Junction 2 returned to Boston Manor Park this year revamped and reenergised. Spread across five stages and two days, the festival boasted a lineup that ranged from genre pioneers to underground and emerging artists.
On Friday, as crowds flooded through the gates, B.Love was kicking things off at the Woods stage. Accessible by snaking forest paths, the intimate space is surrounded by Funktion 1 speakers pumping some of the best quality sound we’ve heard at a London festival. B.Love opted for a bouncy all-vinyl set this year, dishing out tracks from a stage resembling a WWII bunker.
Max Cooper’s live set at The Grid stage was hypnotic. Complex IDM and thundering bass were backed by spiralling, looped visuals of skyscrapers, motorways, and urban settings. One of the world’s leading audio-visual artists, Cooper’s work often focuses on humanity’s place in the world. He provided the music for a video narrated by Greta Thunberg and Pope Francis in 2021, which was played at COP26 to urge world leaders to consider climate and environment in Covid recovery plans. The Grid’s vibrant ‘80s aesthetic worked well in an outdoor setting, with sunlight reflecting through tall Perspex cubes to project a rainbow of colour onto the crowd.
KETTAMA’s thumping set at the Blackout stage was a standout performance from the weekend. His emphatic club cuts brought together elements of rave, trance, grime and more, closing with an unpredictable mashup of Ostgut Ton favourite Barker and Ariana Grande. The hard-hitting house DJ and producer has skyrocketed in popularity since he first appeared on the scene in 2017, with releases on the likes of Steel City Dance Discs, R&S, Shall Not Fade, Dance Trax, Madhouse and Mutual Pleasure.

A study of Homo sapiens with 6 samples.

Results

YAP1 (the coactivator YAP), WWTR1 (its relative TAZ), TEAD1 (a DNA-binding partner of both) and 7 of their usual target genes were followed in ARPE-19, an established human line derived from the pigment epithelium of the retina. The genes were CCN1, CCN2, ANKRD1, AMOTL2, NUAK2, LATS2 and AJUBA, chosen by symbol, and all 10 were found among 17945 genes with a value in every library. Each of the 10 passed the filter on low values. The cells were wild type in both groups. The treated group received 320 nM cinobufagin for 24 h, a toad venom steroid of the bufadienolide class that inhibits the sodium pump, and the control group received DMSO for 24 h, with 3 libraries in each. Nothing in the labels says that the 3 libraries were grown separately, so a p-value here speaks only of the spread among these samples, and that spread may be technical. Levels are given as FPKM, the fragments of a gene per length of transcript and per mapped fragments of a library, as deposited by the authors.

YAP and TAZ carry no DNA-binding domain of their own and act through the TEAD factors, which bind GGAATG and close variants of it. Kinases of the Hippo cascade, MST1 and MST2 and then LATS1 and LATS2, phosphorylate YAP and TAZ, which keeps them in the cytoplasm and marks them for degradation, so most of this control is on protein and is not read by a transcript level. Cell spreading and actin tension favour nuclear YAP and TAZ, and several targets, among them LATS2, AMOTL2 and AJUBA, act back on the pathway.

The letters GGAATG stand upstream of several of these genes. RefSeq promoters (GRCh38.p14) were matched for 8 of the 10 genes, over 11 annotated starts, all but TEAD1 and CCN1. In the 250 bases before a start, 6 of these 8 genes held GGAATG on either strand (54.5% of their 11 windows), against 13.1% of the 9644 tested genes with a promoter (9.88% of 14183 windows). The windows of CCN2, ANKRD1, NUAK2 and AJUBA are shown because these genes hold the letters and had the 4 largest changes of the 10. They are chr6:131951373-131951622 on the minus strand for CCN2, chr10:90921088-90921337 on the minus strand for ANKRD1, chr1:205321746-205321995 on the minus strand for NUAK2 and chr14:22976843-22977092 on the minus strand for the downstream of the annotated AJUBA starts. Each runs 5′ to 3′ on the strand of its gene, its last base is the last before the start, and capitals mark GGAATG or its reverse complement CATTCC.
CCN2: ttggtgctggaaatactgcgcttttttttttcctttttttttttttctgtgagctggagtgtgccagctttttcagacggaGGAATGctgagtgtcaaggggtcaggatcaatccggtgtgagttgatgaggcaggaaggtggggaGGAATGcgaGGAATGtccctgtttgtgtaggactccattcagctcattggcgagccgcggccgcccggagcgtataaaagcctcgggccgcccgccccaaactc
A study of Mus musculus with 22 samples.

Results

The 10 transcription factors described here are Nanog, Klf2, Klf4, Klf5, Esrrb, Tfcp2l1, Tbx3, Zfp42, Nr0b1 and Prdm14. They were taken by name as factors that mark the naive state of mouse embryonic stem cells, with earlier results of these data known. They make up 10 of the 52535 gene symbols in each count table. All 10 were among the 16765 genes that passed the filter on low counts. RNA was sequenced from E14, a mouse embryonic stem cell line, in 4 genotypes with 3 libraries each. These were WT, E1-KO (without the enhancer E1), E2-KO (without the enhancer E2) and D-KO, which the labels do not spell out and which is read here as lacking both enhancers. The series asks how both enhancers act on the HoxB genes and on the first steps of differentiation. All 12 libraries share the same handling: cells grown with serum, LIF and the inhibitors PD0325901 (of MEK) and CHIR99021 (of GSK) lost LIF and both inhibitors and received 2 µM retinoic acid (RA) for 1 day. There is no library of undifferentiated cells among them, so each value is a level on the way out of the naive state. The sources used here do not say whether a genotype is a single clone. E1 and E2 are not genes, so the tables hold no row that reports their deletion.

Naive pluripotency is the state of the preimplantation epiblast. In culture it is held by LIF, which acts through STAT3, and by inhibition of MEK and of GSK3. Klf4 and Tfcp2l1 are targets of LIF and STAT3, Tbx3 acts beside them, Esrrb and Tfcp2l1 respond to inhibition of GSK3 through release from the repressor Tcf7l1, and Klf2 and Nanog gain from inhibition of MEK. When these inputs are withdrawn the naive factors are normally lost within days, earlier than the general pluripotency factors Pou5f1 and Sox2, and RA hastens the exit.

The Blackout stage, designed in collaboration with visionary Japanese artist Manami Sakamoto, brought the intensity of a Berlin club to the festival site. Layered, semi- transparent LED screens and light strips gave the venue a unique feel and brought its dark interior to life.
Centred under the M5, The Bridge was the only stage at this year’s iteration of the festival to receive no update in design. Minutes after arriving, it’s clear to see why; the iconic location is still unmatched in its appearance and remains as imposing as ever. Jeff Mills was at the helm when we got towards the front. A man who requires no introduction, his blindingly powerful set was one of the loudest I’d ever heard, with the hypnotic chimes and meaty kick drum of “The Bells” coinciding with the sunset.
Rave pioneers Underworld rounded off the day at The Grid with one of the most hotly anticipated shows on the lineup. Three large screens provided the visuals, whilst smoke, spotlights, lasers, and strobes combined for an immersive experience. The British duo interwove instrumental riffs and heavy synth progressions into their live performance and showcased many of their best-known tracks, closing with their inimitable crowd-pleaser “Born Slippy”.